The Dhow: A Weekly Newsletter from AGSIW

The Bridge blog
From Parliament to Prison: Leading Gulf Opposition Politicians Sentenced

By Kristin Smith Diwan

While international attention last week turned to the confirmation of the death penalty for former Egyptian President Mohammed Morsi, some high profile convictions were handed down in the Arab Gulf states as well. On June 16 the head of the most prominent opposition political society in Bahrain, Sheikh Ali Salman, was sensed to four years in prison for inciting disorder, the rejection of the state laws, and hatred toward other sects. That same weekend Kuwaiti authorities detained the country's most prominent opposition leader, the Popular Action Movement's Musallem Al-Barrak, to begin serving a two year sentence after his conviction over a 2012 speech directly challenging the emir at a public rally.

By Hussein Ibish

DOHA, Qatar — The old joke among foreign policy wonks began thus: After the collapse of the Soviet Union and the end of the Cold War, the world was surprised to discover that it still had two superpowers: the United States and ... Kuwait. And, it went on, after Kuwait was chastened by the Iraqi invasion and the Persian Gulf war, by the mid-1990s the world again found itself with two superpowers: the United States and ... Qatar.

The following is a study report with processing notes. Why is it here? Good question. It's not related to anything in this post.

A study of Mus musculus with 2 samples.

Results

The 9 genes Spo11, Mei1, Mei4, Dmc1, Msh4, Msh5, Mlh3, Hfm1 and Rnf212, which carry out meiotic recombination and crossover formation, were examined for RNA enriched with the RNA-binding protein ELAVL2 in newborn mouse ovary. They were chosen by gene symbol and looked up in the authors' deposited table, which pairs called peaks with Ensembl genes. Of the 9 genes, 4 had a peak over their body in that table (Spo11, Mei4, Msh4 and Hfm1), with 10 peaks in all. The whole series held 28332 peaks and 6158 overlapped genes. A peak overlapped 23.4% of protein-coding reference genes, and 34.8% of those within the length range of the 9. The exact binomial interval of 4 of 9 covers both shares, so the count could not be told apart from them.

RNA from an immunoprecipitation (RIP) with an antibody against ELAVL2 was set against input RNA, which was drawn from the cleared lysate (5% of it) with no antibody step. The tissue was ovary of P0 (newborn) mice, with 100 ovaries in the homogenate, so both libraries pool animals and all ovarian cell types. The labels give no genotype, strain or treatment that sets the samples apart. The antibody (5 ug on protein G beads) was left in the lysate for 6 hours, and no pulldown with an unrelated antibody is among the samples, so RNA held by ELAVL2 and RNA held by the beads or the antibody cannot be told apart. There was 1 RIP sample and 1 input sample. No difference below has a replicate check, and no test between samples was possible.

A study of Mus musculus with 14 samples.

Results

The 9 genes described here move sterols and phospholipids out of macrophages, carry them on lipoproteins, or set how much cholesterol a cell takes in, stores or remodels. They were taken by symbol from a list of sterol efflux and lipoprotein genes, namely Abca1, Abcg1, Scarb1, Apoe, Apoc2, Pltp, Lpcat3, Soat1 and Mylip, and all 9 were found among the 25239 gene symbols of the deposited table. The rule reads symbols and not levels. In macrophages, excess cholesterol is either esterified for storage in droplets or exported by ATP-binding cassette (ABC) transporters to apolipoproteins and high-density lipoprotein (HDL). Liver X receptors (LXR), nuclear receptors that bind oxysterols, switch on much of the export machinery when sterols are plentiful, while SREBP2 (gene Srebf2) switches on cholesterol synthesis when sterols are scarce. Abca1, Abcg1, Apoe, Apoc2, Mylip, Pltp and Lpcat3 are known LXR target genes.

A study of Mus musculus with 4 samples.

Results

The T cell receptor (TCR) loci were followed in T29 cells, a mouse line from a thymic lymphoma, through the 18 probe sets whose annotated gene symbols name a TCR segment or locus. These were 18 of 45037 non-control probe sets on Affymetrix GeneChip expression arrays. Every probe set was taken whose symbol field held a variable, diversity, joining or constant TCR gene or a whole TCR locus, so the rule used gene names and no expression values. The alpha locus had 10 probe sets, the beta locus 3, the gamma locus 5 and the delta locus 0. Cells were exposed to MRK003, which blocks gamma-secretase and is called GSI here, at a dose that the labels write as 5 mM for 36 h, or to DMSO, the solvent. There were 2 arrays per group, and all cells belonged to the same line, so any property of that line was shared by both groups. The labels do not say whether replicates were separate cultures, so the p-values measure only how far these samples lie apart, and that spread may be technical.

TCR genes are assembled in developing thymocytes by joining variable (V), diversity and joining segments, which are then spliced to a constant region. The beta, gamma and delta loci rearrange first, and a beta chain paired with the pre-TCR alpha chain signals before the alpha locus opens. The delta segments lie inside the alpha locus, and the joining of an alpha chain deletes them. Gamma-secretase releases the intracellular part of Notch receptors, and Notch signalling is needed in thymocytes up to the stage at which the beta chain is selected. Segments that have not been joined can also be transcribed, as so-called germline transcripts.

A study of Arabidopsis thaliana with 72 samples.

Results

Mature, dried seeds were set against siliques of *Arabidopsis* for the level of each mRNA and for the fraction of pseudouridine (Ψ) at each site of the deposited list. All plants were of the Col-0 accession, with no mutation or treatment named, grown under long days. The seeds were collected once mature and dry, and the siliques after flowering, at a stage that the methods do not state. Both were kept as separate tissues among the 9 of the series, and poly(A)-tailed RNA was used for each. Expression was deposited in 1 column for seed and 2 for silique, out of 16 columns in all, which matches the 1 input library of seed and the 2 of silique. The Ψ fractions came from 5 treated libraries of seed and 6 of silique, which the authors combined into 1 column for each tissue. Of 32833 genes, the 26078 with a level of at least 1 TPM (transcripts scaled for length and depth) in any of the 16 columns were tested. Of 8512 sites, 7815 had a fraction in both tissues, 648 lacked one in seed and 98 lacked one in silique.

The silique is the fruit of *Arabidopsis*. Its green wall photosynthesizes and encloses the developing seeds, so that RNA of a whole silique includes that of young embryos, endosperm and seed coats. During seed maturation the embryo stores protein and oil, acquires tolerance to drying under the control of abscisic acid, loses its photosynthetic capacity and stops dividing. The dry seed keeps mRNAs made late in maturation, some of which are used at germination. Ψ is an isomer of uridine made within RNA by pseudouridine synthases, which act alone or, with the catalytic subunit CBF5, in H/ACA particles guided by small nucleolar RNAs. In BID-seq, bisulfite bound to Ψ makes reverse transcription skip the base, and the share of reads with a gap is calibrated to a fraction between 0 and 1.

This wisecrack lampoons the attempts of tiny but ultrarich Gulf states to punch above their weight in international relations. Kuwait may have once set the pace, but for the past 20 years Qatar has tried to leverage its vast energy wealth to build and project its influence throughout the Middle East.

AGSIW hosted a panel on May 11, ahead of the GCC Camp David summit. The panelists discussed Gulf-U.S. sentiments and expectations leading up to the summit. They were later joined by guest speaker Assistant Secretary General for Foreign Affairs of the Gulf Cooperation Council Dr. Abdel Aziz Abu Hamad Aluwaisheg.
Click here for event video
In the Media

By Bernd Debusmann Jr., Khaleej Times

Washington - Nestled in a small office just blocks from the White House, a small but experienced team of scholars and former diplomats is working to build bridges between the United States and the nations of the Arabian Gulf.

The Arab Gulf States Institute in Washington (AGSIW), which was established in late 2014, is a non-profit think-tank with the stated aim of enhancing the understanding of the social, economic and political landscape of the Arabian Gulf.